ALGORITHMS Hits Theaters in Los Angeles Today
First Run Features presents The Blind Chess Players of India in ALGORITHMS. The movie hits theaters in Los Angeles today, October 17 and opens in New York City on October 24, 2014.
In India, a group of boys dream of becoming Chess Grandmasters. But this is no ordinary chess and these are no ordinary players. Algorithms is a documentary that transports us into the little known world of Blind Chess.
Chess is an ancient and Universal game with origins in India. Filmed over three years in different parts of India, Algorithms follows three boys and an adult champion who not only aspires to bring global recognition to India's blind chess players, but also wants to encourage all blind children to play chess.
The filmmakers travel with THE PLAYERS to competitive tournaments, including the World Junior Blind Chess Championship. They also film them in their home milieu where they reveal their struggles, anxieties and hopes. Moving through the algorithms of the blind chess world, the film is a tactile and mindful journey that challenges the notion of what it means to "see."
Filmmaker Biography: Ian McDonald is a sociologist and documentary filmmaker developing a centre for Film Practice at Newcastle University. Having always used the camera to support his research on sport and physical culture in UK and India, Ian's move to documentary filmmaking, benefits from a seemingly effortless 'way of seeing' that has resulted in documentaries with a difference on art and sport, especially of the 'sporting outsider' - the one who is seen as 'different' by a 'normal' society. His documentaries have been screened at film festivals, conferences and campaign meetings around the world. Algorithms is Ian's debut feature documentary.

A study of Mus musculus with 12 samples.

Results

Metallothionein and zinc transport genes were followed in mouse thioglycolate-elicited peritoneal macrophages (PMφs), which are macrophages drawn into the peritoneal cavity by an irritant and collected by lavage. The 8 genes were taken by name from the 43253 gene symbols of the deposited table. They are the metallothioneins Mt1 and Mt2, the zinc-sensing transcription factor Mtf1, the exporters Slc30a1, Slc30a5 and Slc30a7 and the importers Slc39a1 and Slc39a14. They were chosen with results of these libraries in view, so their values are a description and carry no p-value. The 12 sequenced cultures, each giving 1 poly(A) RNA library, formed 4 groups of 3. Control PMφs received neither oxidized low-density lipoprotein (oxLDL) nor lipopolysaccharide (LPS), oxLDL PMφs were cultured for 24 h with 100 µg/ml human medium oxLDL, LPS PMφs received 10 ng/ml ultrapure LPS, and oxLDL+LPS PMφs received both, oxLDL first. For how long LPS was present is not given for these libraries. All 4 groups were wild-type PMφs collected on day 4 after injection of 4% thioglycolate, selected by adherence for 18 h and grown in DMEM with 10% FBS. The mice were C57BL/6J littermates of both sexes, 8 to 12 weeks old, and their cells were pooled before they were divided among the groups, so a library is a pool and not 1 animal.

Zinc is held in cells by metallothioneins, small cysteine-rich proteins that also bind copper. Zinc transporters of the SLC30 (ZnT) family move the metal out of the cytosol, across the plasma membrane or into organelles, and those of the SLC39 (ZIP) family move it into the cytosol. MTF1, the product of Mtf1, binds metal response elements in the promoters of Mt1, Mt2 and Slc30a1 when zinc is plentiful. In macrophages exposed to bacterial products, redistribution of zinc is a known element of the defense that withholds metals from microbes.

Filmmaker's Statement: "Chess is an ancient and Universal game with origins in India. When Geetha and I began this project in India in 2008, we knew what we were encountering was unknown, complex and beautiful. Then began a journey that challenged our perception of ability and disability, of sight and vision. The paradox of using a visual medium to image those without sight that weighed heavily on us lessened with the complete trust we gained by being with the community through the years. Four years later and with over 240 hours of footage, we began to compose the first ever feature documentary on Blind Chess.
"Initially, my concern was to capture this mind game as a game of equality for the blind and a metaphor for life. Chess demands patience and foresight that go with being blind. Four moves in, it puts the sighted on par with the blind. Blindness that emerged as 'difference, not lack' then went beyond to actually critique our ocular-centric world. Also, with one constant focus on the truth of the lives of the blind chess players, the slant shifted from the sociological to the philosophical.